Airlines landing in Karnataka have been directed to check reports and not allow anyone to travel without the report.
Bengaluru: Amid the emergence of new COVID-19 variant – Omicron, states across India have stepped out screening and are adopting measures to restrict the likely spread of the virus. In Karnataka, international passengers arriving in Bengaluru airport, who test negative for COVID-19 on arrival, will be put in quarantine for seven days. After a week, they will be tested again for the virus.
Bengaluru Rural District Health Officer Tippeswamy said as many as 598 passengers who have travelled from international countries are under surveillance.
“We have discussed the issue of passengers coming from Kerala and Maharashtra to Bengaluru without RT-PCR test and vaccination report. We have already directed airlines to check reports compulsorily and not to allow anyone to travel without the report,” Tippeswamy said.
Meanwhile, Karnataka Chief Minister Basavaraj Bommai said, “We are keeping a strict check at the airport on international passengers arriving from countries where the new COVID-19 variant (Omicron) has been detected. All international passengers will be tested at the airport on arrival.”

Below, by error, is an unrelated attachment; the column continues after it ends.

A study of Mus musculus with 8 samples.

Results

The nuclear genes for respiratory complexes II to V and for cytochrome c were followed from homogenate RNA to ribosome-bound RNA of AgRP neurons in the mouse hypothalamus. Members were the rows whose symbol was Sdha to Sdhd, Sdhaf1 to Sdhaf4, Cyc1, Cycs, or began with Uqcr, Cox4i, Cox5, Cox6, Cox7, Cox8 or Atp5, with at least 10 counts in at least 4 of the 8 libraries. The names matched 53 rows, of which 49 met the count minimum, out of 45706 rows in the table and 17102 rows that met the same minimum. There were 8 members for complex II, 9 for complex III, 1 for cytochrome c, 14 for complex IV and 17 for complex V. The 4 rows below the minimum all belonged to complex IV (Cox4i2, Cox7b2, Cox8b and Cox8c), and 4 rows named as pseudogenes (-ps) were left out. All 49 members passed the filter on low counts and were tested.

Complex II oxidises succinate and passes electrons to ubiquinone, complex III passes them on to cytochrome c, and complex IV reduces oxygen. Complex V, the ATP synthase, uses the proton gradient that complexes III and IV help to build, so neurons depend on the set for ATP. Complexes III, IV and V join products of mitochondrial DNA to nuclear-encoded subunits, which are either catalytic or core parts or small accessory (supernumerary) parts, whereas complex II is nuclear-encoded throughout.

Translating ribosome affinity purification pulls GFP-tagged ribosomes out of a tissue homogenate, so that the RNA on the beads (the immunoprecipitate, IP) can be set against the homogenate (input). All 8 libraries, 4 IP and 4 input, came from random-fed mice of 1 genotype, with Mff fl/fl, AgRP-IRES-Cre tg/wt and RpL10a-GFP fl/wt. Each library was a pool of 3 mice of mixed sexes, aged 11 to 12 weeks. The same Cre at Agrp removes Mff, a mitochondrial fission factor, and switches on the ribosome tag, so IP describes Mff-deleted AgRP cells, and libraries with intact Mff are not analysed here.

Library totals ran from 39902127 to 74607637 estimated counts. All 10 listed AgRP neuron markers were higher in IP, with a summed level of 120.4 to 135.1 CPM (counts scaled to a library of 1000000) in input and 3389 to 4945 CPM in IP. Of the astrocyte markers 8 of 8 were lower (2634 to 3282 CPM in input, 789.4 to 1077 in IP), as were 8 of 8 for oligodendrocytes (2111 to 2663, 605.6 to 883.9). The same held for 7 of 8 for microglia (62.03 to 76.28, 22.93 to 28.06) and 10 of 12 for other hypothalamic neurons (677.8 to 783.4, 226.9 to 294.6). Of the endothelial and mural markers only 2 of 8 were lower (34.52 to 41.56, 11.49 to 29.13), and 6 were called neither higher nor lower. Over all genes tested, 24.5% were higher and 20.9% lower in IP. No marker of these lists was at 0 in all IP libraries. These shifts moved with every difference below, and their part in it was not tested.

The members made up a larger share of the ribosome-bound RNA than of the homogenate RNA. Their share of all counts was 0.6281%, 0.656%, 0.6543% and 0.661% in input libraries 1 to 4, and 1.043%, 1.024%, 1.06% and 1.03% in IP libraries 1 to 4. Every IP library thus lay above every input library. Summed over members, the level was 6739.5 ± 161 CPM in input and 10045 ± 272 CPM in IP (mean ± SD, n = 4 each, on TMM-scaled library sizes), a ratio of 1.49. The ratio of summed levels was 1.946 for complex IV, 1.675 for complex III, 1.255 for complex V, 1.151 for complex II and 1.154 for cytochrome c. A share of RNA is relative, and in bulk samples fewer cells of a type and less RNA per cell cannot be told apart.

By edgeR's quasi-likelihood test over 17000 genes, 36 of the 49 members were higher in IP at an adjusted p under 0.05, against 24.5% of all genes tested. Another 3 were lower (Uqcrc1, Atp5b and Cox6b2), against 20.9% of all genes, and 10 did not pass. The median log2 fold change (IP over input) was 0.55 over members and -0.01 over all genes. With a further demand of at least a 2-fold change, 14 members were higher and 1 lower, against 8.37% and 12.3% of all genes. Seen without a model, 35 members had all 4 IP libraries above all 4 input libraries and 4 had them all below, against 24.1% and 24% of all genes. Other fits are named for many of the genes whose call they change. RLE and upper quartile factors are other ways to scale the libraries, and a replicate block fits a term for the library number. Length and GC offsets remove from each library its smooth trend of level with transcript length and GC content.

Several states have amped up COVID-19 testing, quarantining international travellers after a South Africa returnees tested positive for coronavirus in Chandigarh. One of the family members and domestic help of the patient have also being infected with the disease. The samples have been sent for whole-genome in Delhi to ascertain the variant of COVID-19. Airports are being regularly sanitized to ensure utmost safety.
Earlier in the day, Delhi Chief Minister Arvind Kejriwal requested Prime Minister Narendra Modi to “immediately” ban international flights from Omicron hit countries.
The World Health Organization (WHO) has warned that the Omicron variant of COVID-19 poses a high risk of infection and could lead to severe consequences in some regions.
The health organisation said, “Omicron has an unprecedented number of spike mutations, some of which are concerning for their potential impact on the trajectory of the pandemic.”
first published:Nov. 30, 2021, 12:59 p.m.